Patients in hospitals expect to be competently treated for their medical problems. They expect their broken bones to be mended, their surgeries to be successful, their infections and diseases cured. Parents expect that their children will be made well, and families expect their loved ones’ pain to be ameliorated. The last thing patients expect is for the hospital to make them sicker, or cause them to die. (more…)
I previously raised the point that Toyota may have been playing a shell game by distracting people with the argument that its mats caught the accelerator pedal, rather than there being an internal problem causing many of its models to have Sudden Unanticipated Acceleration (”SUA”) problems. Now comes news that an internal Toyota memo in 2007 boasts that it had saved $100 million dollars by limiting its recall to replacing floor mats in 55,000 vehicles as some sort of solution to the problem of SUA complaints being made. That is, even though the National Highway Traffic and Safety Administration (NHTSA) had over 2,000 complaints of SUA and 34 deaths had been blamed on SUA in Toyota vehicles, there may have been aggressive lobbying effort by Toyota to limit its recall. Indeed, the internal memo calls it a “win” for Toyota. Of course, limiting federal investigations is not a “win” for consumers or for anyone sharing the road with those Toyota models. NHTSA has been investigating Toyota SUA complaints for about 7 years now. To understand one possible explanation of why so many NHTSA investigations were closed with no further federal action being taken, see my earlier blog about Toyota hiring NHTSA regulators to work for Toyota and then assigning them the job of negotiating recalls with NHTSA.
The truth about the Toyota Sudden Unanticipated Acceleration (“SUA”) defect lies beneath the headlines. The issues include: the reason why Toyota did not solve the problem even though it was identified over two (2) years ago; why Toyota decided to distract the American public with claims that its loose mats moved; how Toyota’s use of “common parts” in its manufacturing facilities may end up identifying an internal electronic cause rather that the mechanical (“sticky pedal”) case which Toyota now claims is the culprit. (more…)
Today, the New Jersey Supreme Court recognized the reality of the globalization of commerce and gave protection to New Jersey residents from injuries caused by products manufactured by foreign manufacturers. In NiCastro v. McIntyre, the Court held that a foreign manufacturer who manufactures a machine that injures a New Jersey resident will be subject to jurisdiction in the state courts of New Jersey if the manufacturer knew or should have known through its distribution scheme that its products were being sold in New Jersey. This is a major victory for the people and manufacturers of New Jersey, for it ensures that foreign companies will not escape having to face their share of responsibility for injuries occurring in New Jersey. Jonathan Miller and Michael Galpern, partners with Locks Law Firm, briefed the appeal on behalf of the Association of Trial Lawyers – New Jersey, now known as the New Jersey Association for Justice. Mr. Miller argued before the Court that it should recognize the reality of globalization, which it did.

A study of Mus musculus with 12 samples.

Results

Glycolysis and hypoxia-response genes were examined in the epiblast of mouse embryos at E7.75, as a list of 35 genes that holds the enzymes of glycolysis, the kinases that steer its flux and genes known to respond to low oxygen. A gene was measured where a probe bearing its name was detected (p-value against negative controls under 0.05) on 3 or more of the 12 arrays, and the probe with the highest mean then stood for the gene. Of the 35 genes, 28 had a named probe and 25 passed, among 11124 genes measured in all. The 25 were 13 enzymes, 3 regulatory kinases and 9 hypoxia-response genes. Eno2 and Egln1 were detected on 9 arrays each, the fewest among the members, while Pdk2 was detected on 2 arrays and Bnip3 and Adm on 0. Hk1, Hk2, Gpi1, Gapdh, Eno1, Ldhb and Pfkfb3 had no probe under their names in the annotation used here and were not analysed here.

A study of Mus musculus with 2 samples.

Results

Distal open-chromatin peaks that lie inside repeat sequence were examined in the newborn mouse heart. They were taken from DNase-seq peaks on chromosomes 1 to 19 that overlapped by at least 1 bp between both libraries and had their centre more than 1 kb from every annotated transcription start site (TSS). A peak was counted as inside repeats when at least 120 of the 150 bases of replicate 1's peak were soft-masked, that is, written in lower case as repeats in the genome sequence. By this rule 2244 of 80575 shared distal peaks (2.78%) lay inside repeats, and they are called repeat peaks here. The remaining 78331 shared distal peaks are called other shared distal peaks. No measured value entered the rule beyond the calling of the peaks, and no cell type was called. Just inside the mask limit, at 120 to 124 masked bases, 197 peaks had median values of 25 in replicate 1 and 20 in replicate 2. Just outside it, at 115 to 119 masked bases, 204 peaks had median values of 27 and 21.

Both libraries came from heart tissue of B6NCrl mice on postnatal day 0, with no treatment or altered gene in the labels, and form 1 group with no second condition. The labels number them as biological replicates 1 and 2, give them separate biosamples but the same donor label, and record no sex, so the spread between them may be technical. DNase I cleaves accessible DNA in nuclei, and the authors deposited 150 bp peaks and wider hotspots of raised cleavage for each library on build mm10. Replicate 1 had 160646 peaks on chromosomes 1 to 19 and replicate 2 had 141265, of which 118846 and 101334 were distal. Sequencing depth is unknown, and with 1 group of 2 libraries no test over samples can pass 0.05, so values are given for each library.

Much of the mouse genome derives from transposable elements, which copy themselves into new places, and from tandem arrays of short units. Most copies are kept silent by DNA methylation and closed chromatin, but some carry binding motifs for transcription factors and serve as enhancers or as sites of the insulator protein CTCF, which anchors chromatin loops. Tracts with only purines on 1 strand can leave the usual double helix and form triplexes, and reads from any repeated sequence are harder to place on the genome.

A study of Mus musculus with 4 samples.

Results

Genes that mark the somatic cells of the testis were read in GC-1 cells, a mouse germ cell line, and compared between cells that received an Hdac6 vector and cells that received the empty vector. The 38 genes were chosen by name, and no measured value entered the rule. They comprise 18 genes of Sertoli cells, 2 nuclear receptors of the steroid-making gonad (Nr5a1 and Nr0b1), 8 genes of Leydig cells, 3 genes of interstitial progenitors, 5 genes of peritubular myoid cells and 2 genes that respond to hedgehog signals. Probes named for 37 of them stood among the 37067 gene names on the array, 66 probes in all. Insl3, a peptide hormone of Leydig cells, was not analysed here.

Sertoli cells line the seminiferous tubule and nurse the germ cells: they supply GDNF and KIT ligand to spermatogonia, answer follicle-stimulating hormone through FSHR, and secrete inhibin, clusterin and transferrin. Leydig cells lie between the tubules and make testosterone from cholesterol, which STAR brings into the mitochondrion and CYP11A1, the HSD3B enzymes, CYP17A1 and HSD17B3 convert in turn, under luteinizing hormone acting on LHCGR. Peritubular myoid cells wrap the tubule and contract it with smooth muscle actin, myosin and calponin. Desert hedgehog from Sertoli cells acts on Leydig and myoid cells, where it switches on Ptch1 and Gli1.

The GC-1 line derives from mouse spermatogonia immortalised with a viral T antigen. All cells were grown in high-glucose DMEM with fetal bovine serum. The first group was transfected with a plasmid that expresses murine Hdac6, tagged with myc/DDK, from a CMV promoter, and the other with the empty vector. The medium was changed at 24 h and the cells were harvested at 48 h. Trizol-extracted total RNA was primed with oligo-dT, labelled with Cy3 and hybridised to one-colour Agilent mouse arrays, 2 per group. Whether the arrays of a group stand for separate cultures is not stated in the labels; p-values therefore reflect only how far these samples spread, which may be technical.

Readers of beauty magazines are familiar with the articles and advertisements that feature physicians touting the “magical results” that come from using various products to correct conditions ranging from cellulite to droopy underarm skin, from yellow teeth to wrinkles. In response to escalating complaints from consumers, the FDA has launched a new effort to rein in the more extravagant claims—especially when the claims involve doctor-pitchmen or pitch-women, and the products are drugs.
The New York Times today reports that in a shot across the beauty and the doctor medical bow, FDA has issued a warning to a well known dermatologist and clinical researcher in Miami Beach alleging that she improperly advocated the use of an as yet unapproved drug she promoted for the “treatment” of wrinkles. Dr. Leslie Baumann was issued a warning letter advising the doctor that she engaged in promotion of an unapproved drug, which is a violation of FDA policy. Unfortunately, Dr. Baumann is rather the rule than the exception in an industry where media exposure is critical for both the sales of such products and to expand the clientele of the doctors that use them.